Meat processing plants count on the hard work of employees to turn a profit. Far too often, however, these plants overlook important safety measures that can make a life-or-death difference for their workers.

A chicken plant near Harrisburg recently failed a safety inspection by the U.S. Department of Labor’s Occupational Safety and Health Administration (OSHA). The plant received citations in previous years for safety hazards. Last spring, OSHA conducted another inspection after a worker lost his thumb in an accident with a mixing machine. The inspection revealed numerous safety violations – many of them serious – resulting in proposed fines of more than $300,000.

The case sheds light on the many dangers meat plant workers face on a daily basis, including:

  • High noise levels – Without enough sound-proofing or ear protection, workers can suffer permanent hearing damage from exposure to constant noise at high decibel levels.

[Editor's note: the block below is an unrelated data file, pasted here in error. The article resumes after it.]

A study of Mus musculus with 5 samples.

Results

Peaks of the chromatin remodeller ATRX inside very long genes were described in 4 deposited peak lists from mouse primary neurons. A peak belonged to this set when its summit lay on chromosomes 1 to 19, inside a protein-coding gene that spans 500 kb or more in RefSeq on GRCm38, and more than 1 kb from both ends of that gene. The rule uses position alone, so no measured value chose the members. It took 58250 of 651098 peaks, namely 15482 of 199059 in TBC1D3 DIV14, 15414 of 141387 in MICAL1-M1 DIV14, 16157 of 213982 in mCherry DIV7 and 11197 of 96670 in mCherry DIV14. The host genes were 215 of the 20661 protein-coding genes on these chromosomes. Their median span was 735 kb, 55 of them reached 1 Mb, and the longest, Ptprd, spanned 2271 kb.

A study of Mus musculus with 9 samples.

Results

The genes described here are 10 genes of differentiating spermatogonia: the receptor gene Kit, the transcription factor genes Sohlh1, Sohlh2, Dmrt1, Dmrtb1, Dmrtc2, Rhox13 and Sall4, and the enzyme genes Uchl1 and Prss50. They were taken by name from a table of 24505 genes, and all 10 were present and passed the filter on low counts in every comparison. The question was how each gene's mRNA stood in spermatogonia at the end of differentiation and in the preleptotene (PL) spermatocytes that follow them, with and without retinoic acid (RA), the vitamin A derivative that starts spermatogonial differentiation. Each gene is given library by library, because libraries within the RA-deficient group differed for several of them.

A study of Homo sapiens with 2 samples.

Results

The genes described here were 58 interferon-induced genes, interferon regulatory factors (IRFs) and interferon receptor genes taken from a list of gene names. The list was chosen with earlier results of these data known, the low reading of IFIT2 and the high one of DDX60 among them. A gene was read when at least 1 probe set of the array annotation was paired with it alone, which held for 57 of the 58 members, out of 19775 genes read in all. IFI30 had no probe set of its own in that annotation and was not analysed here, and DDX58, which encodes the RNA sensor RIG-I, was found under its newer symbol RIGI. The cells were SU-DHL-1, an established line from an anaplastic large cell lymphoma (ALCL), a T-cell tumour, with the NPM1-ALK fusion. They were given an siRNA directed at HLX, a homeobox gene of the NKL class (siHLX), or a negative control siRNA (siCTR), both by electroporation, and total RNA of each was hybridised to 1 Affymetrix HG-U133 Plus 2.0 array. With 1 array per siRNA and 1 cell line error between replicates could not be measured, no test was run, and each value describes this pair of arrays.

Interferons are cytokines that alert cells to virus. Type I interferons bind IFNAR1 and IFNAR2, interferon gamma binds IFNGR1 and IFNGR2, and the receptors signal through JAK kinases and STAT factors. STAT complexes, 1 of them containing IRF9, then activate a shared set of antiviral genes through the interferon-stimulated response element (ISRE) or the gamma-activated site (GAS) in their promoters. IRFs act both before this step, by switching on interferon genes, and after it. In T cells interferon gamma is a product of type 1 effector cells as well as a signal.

• Flammable substances – Propane, nitrogen and other flammable substances must be properly stored to reduce the risk of fires and explosions. Employees who handle these substances should also have adequate training and protective gear.
  • Unsanitary conditions – Employees in meat processing plants are exposed to animal blood and fecal matter that can spread disease. Safe handling measures are essential for keeping employees healthy.
  • Inadequate gear – Processing plants must provide gloves, ear protection, eye protection, proper footwear and other safety gear for certain employees, depending on their jobs and working conditions.
  • Dangerous machinery – Safety guards, thorough training and proper maintenance can help reduce the risk of potentially deadly equipment accidents.
  • Fall hazards – Manholes, platforms and other hazards must have appropriate covers, railings or guards to prevent falls.

Employees who are worried about their health or safety at work should never keep silent. The law protects those who speak up and report safety violations.